Charlotte Catholic diocese hasn’t named priests accused of sex abuse
Last week was another difficult week for local Catholics. As the Church convened a worldwide summit dealing with the endless sex abuse crisis, the Diocese of Richmond released a list of clergy who had been credibly accused of sexual abuse of a minor. On that list were two monks who previously served in the Charlotte Diocese, which has refused to disclose its list of credibly accused priests. If that list is ever released, the name of Joseph Kelleher will appear. He was the parish priest at Our Lady of Assumption, my childhood church and school, a relatively small faith community in what was then a much smaller Charlotte.
Coincidentally, going through old photos recently, one in particular caught my attention. It was my 8th grade class graduation photo. There we were, all 18 of us standing on the steps of the church, looking like a million bucks, posing with our school principal, our teacher, and our larger than life parish priest, Joseph Kelleher. And that’s where the memories get complicated. In 2010, Kelleher was charged with and admitted to police that he sexually assaulted a student in Albemarle in 1977, shortly before being moved to Charlotte. We also know he’s been accused of assaulting at least one of my classmates in 1981. Looking back, I can’t say I’m completely surprised. Kelleher was a big hugger and often encouraged me to sit on his lap. On more than one occasion, he either had an object in his pocket or … well, you get the picture. I never pulled away and I never ran. What happened to my classmate could have easily happened to me.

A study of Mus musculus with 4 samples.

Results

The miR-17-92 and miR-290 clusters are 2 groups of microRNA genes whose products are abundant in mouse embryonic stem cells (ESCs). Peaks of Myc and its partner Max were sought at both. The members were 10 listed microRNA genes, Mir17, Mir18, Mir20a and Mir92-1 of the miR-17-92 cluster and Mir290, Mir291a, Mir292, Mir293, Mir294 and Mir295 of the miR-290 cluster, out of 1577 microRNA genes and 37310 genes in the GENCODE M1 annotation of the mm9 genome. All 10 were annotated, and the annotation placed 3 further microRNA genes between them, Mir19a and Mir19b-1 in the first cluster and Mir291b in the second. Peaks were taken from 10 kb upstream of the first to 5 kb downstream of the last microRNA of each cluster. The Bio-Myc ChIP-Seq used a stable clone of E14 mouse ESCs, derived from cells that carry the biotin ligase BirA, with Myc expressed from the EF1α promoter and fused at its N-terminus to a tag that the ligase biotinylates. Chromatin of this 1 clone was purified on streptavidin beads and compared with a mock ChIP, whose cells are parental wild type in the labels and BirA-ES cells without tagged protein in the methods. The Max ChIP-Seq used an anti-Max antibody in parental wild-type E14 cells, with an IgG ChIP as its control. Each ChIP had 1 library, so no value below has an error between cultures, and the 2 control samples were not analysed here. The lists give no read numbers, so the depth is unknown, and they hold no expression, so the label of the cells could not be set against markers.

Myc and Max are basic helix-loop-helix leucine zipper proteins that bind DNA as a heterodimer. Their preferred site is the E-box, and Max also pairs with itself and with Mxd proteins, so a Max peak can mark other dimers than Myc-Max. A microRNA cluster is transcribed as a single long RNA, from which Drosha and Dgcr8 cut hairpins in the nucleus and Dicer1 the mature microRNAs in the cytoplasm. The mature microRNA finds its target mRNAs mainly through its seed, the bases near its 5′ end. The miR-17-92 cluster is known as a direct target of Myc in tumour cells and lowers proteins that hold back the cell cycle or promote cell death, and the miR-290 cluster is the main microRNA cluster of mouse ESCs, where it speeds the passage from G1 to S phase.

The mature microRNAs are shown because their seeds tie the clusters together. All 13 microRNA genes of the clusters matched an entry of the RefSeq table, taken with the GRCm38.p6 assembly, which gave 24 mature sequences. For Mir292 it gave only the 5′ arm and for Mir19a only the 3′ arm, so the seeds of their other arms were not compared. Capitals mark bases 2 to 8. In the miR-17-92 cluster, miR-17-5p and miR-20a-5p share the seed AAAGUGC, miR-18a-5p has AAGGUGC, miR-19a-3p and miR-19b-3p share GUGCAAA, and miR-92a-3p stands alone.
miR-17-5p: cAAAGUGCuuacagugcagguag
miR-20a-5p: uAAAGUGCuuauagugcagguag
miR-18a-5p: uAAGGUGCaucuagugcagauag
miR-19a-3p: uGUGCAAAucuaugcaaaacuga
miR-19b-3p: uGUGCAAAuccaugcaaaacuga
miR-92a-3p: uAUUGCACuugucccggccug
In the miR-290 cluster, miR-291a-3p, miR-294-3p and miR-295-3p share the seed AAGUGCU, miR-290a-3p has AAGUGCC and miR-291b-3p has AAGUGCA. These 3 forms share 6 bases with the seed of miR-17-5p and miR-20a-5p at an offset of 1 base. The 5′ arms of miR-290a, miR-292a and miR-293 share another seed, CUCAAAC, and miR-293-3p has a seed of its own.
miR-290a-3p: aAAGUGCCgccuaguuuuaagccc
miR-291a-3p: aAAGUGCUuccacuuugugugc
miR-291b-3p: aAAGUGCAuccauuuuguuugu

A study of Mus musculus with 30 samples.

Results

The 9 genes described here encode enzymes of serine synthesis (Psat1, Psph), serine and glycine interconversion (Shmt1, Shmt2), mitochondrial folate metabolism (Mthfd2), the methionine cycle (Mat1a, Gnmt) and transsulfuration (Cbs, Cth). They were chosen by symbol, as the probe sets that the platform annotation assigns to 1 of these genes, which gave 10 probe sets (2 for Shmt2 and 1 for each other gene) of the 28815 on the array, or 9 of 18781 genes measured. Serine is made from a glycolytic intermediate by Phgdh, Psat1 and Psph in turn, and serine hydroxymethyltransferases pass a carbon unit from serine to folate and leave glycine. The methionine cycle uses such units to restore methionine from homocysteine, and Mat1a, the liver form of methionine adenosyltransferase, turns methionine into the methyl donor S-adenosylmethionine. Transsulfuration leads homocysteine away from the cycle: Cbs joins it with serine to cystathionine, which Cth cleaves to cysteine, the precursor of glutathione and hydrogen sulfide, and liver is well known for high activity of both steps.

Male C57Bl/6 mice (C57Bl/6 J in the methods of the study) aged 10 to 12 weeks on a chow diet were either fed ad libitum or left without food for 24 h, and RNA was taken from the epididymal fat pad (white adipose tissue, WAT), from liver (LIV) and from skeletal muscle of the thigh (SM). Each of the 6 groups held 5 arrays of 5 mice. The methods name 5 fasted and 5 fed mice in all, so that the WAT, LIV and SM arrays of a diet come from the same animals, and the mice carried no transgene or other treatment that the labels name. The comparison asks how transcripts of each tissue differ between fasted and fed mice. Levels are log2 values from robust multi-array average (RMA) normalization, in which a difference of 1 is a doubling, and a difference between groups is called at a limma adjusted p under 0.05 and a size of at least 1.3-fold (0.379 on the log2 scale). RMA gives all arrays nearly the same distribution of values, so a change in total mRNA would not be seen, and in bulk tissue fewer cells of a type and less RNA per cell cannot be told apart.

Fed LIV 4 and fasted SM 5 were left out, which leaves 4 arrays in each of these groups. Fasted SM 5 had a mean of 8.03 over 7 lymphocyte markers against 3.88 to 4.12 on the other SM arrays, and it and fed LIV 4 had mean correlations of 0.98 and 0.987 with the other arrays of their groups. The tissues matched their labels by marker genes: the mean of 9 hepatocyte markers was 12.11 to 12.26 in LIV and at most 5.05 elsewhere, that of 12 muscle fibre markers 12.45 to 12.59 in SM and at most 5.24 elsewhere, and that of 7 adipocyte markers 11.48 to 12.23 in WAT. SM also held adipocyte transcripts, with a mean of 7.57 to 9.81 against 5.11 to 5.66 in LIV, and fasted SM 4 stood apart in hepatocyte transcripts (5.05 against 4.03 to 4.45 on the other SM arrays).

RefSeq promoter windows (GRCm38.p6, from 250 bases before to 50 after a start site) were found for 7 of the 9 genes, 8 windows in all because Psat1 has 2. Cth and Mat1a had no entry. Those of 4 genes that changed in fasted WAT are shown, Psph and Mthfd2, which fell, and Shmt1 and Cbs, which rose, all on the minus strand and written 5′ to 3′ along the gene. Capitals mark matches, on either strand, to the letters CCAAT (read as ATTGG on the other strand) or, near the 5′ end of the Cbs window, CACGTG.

But this isn’t really about me or Kelleher. It turns out he is just one of many … or dozens … or hundreds of predatory priests in the Diocese of Charlotte. I say “or” because we really don’t know. We won’t know unless Bishop Peter Jugis decides to release a list of “credibly accused” abusers in his diocese. The Archdiocese of Atlanta, the dioceses of Raleigh, Charleston, Savannah, Richmond, Arlington, Nashville and Knoxville, have all released their own lists. Unlike his peers, Jugis is waiting on “additional instruction” before he decides to join this “stampede” of transparency, said Diocese spokesperson David Hains. With no apparent shame, he’s hiding behind survivors as an excuse to remain silent, saying he doesn’t want to “pile on” and cause further harm by releasing a list of offenders. What a bunch of cowardly hooey.
I’ve never met Jugis, but what I know about him suggests he’s a coward and a hypocrite. He fired a gay Charlotte Catholic High teacher because he got married, saying there would be scandal if the diocese didn’t officially respond to such a “contradictory message” from an employee. That’s rich, because in 2014 Jugis himself chose to preside over a memorial mass for deceased priest Joseph Kelleher. Yes, that Kelleher, the admitted abuser. And not one word was mentioned about a scandal caused by sending a contradictory message.
I reluctantly left the Catholic Church when the sex abuse scandal erupted years ago. At that time, it was fashionable to blame homosexuality in the priesthood for a litany of wrongs within the church. Having just acknowledged my own sexuality and knowing what little I knew, I wasn’t interested in sticking around for what came next. Catholicism is a beautiful form of Christianity, full of history, rich in tradition and symbolism, supported by faithful congregations. It’s also burdened by a broken culture of sexually immature all-male leadership, emanating from dark insecurity, based upon a misguided notion of infallibility.
For many decades, while priests raped little boys and girls, superiors hid evidence and moved the predators to unsuspecting parishes. Silence became the weapon of choice. Bishop Jugis should release the list of child abusing priests. He can speak with moral authority or he can remain silent. But he can’t do both.